After church today, we got a little restless. I wanted to go up one of the canyons, to take some more pictures of the Autumn foliage, while it's still on the trees, but there aren't any canyons close by, and the weather looked to be taking a turn for the worse. But, still we wanted to get out, while it's still nice enough to do so -- and on a day when we're all together, at the same place, at the same time. So we took a trip to downtown Salt Lake, for the afternoon. Ok "trip" makes it sound a little more grandiose than it was -- it's only about fifteen minutes away.
I love Salt Lake, particularly around Temple Square -- it's so pretty, and peaceful -- and it had been a while since I had spent much time down there. With Autumn in full bloom, it was breathtaking.
We strolled around the Brigham Young Memorial Park, and ate a picnic lunch, on the lawn. From there we headed over to the City Creek Park. I was very pleased, and a little surprised, at how thrilled my kids were, just to be outside, amidst the beauty. They would probably be surprised too, if they stopped to think about it (sort of like when they eat vegetables, as long as you don't let on that they're healthy).
I was trying to get a shot of Jordan's finger, and the droplet of water, as it hit the pond. This was as close as I got.
We spent the bulk of our time on Temple Square. If you have never been there, it is a place of beauty and serenity. The Mormon Tabernacle, home of the world famous choir, is there. The Tabernacle has been under renovation for the last couple of years, so it had been awhile since I had seen the inside. The building was completed before the Salt Lake Temple, and there were no nails used in the construction.
The acoustics in the building are among the best anywhere in the world. You can stand at the pulpit and whisper, and it can be heard at the other end of the hall -- nearly 170 feet away -- clear as a bell, with no amplification. The Mormon pioneers who built the Tabernacle (and the rest of Salt Lake) were from the east, and were used to niceties which simply did not exist in the middle of the western desert -- like hard woods. The benches in the Tabernacle were, originally, built of pine, and painted to look like oak. They called it Mormon Oak. Some of those benches still remain.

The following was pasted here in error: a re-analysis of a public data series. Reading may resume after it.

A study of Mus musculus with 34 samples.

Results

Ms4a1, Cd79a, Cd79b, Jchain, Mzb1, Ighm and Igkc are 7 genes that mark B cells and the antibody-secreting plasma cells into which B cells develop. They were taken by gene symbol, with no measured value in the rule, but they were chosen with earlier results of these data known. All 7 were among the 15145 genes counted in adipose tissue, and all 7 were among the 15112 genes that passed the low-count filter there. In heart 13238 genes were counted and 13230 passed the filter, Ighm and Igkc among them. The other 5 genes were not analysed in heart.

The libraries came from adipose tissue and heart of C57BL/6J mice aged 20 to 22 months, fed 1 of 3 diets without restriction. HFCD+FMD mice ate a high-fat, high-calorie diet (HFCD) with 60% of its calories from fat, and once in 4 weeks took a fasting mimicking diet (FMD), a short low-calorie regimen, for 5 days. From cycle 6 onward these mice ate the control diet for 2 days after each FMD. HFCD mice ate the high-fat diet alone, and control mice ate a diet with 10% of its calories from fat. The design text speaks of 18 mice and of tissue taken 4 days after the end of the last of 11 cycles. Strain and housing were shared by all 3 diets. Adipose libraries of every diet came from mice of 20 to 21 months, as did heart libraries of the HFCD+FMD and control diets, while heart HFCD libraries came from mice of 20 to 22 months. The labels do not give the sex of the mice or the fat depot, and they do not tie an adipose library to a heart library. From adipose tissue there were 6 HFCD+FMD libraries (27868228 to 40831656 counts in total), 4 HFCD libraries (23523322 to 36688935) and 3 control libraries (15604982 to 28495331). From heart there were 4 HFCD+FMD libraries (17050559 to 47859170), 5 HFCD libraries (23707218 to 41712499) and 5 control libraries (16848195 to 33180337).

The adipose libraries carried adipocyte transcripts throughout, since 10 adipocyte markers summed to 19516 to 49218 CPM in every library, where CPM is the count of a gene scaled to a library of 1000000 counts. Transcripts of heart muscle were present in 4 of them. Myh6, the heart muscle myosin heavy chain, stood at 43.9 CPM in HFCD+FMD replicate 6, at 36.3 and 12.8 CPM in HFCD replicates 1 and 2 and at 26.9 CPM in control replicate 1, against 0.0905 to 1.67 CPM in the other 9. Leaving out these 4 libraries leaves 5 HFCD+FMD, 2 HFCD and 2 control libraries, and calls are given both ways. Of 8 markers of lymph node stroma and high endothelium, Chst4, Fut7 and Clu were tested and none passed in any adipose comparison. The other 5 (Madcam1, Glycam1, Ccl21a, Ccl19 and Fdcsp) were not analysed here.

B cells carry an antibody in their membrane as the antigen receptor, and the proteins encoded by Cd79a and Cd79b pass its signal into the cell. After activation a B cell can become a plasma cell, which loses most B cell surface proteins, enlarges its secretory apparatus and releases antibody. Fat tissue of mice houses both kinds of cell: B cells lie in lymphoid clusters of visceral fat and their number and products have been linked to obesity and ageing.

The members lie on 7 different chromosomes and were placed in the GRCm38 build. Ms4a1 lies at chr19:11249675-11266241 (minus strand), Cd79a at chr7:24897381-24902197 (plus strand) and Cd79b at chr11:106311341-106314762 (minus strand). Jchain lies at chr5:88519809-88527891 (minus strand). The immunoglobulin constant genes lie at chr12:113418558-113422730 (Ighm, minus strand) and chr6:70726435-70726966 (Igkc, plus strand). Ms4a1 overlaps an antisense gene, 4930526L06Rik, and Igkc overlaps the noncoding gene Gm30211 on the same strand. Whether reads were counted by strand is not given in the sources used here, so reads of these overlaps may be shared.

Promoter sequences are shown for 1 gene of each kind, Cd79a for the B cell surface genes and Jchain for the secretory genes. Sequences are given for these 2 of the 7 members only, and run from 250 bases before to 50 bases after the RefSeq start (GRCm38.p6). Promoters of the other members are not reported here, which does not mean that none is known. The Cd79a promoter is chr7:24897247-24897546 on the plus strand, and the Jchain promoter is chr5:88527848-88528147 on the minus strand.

We saw the Christus, in the main visitor center. Emma loves this statue. How could you not?
Then there is the Temple itself. This is where my wife and I were married. Begun in 1853, it took forty years to complete. I am in awe of this building, and those who built it. It is built of granite, quarried from a canyon, twenty five miles to the south, near where I was raised. They hauled these massive granite blocks, by oxen, to the Temple site.
I like to go up Little Cottonwood Canyon and walk among the trees, beside the stream. You can still see massive blocks of granite sitting in the shady meadows. These were the blocks that did not cut properly. I see them as a testament to the builders --my ancestors -- who would accept only the best, for what they considered a monument to their God and their faith. Many, including Brigham Young, who were there when construction began, were not there when it was finished.
Our last stop was a small, almost unknown, little side yard. A small family cemetery, and the final resting place of one of my heroes -- Heber C. Kimball.
Heber was another of those early pioneers. He was the personification of faith and integrity. Were it not for the force of character of Heber, and his best, and oldest friend, Brigham Young, the early Mormon pioneers would not have survived. I owe them my existence in this home that I love.
So that's what we did today.
And my kids loved it.
Just don't tell them it was good for them.